Dayna Lee of Powerstrip brings cinematic savoir faire to the W Westwood in Los Angeles.
Edie Cohen -- Interior Design, 3/1/2001 12:00:00 AM
THE W WESTWOOD looks like a paragon of today's hip boutique hotels. The basic elements are all there: the open floor plan, the lounge as adult playground, the full-view bar, the assortment of unique furniture pieces. Yet this interpretation, the fifth in W's current chain of 13, is delightfully fresh, both in design approach and attitude. A palpable sense of warmth, rather than aloofness or arrogance, sets the tone. Credit the attitude adjustment at the Westwood W to Starwood, which manages the property and co-owns it with Raleigh Studios, and to its designer Dayna Lee. "Everyone's invited to the party," she says. "I don't like elite environments."
Lee comes to design from the television and film industry, which has had an undeniable effect on her novel approach to interiors. A production designer and set decorator for movies and television commercials, Lee had her own ideas about how people look, move, feel, and interact within a space. She employed cinematic magic to enthrall the guests. "Experience with camera angles and how to move an actor translates into how to move a guest through a hotel," she explains.
Starwood, Lee, and Jon Brouse, the architect of record, inherited the 16-floor Westwood Marquis, a '60s-era hotel rife with time-warp elements. The lobby level had been carved into a labyrinth of rooms and the original décor was heavy on elaborate lattices, expanses of pink marble in brass framework, and faux French antiques.
The property did have redeeming features. Its all-suite status, in keeping with Starwood's Los Angles vision, meant minimal renovation to achieve the 258-room key count. The building's architecture was also quite appealing. With cast-concrete members reminiscent of the Arizona Biltmore, the hotel had strong imagery with which to work. There were also serendipitous finds during demolition: having stripped the marble cladding, Lee was thrilled to discover the same cast concrete interior walls on the entry level.
The hotel's public spaces have a quality of seamless continuity. "I see the lobby as a living room where one could have coffee, meals, or just read," Lee remarks. Transitions between the lounge, the nuevo latino restaurant Mojo, and the bar are marked only by flooring changes (from ebonized oak to concrete) and the strategic placement of furnishings. "I wanted to work against the hermetically sealed nature of most hotels."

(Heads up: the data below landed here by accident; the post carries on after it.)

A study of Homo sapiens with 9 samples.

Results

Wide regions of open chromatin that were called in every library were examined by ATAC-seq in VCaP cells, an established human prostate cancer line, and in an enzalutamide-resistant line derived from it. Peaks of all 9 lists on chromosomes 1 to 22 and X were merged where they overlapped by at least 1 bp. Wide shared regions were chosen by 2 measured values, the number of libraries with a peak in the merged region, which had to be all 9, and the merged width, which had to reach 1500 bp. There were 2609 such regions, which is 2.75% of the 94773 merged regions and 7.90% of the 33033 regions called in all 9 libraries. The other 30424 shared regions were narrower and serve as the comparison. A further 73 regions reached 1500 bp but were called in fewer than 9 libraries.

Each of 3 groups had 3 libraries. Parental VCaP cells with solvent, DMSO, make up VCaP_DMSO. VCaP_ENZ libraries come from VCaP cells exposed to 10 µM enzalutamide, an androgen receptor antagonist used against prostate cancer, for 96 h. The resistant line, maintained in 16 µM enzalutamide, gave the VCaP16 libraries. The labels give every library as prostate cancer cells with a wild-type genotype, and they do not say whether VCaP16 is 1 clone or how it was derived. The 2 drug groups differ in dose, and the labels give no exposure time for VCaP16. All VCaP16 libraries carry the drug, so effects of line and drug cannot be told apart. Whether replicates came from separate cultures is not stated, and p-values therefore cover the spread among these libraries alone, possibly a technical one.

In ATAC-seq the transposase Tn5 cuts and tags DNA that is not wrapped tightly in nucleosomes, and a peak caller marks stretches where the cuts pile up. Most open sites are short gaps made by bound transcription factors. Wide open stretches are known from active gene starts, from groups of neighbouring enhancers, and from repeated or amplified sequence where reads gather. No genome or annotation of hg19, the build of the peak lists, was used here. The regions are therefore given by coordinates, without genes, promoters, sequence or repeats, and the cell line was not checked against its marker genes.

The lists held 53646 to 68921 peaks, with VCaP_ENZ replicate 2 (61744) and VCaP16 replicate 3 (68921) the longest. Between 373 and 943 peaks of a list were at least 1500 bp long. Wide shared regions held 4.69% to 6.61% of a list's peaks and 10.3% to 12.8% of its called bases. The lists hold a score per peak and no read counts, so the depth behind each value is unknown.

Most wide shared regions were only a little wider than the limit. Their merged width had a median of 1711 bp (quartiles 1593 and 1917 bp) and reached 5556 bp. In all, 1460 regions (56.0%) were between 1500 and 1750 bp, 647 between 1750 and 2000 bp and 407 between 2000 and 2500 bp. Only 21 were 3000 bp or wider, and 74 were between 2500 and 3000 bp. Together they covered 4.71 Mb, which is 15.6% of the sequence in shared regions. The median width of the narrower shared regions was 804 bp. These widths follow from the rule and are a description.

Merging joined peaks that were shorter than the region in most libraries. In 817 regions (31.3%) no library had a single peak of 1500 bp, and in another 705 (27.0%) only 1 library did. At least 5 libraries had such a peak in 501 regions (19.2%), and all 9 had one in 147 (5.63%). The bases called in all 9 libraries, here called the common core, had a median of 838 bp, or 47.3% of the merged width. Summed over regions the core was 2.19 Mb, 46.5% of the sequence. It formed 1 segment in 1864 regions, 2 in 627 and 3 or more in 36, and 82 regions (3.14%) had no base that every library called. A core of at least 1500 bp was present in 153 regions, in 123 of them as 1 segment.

The décor incorporates both custom and production pieces. Sleek banquettes and benches, glamorously upholstered in chartreuse embossed-ostrich covers, are seductively low-slung. They create an atmosphere conducive to prolonged lounging and informality. Lee's background in film remains key to the overall effect: she designed seating that would not only be comfortable, but which also promotes the most flattering posture for the guest. "Look at Faye Dunaway," Lee exclaims. "Whenever she's photographed she has to sit a certain way to show off her bone structure." Lee's case pieces and game tables display both an appreciation for luxury and an affinity for clean, modern lines. Her cast-concrete bar and reception desk, on the other hand, remain sensitive to the existing architecture. Lee worked with W's design team, led by Theresa Fatino, to develop guest room standards, which in turn could become part of the hotel group's branding initiative.
"Before coming to L.A., I had read journals showing wonderful glass-and-concrete houses with big indoor/outdoor living spaces," relates Lee. "But when I got here, where were they? Unless you're personally invited, you don't get to see these places." The W was partly inspired by images of this nostalgic southern California lifestyle. "It fulfills a fantasy," Lee adds. "And here I got to be the director."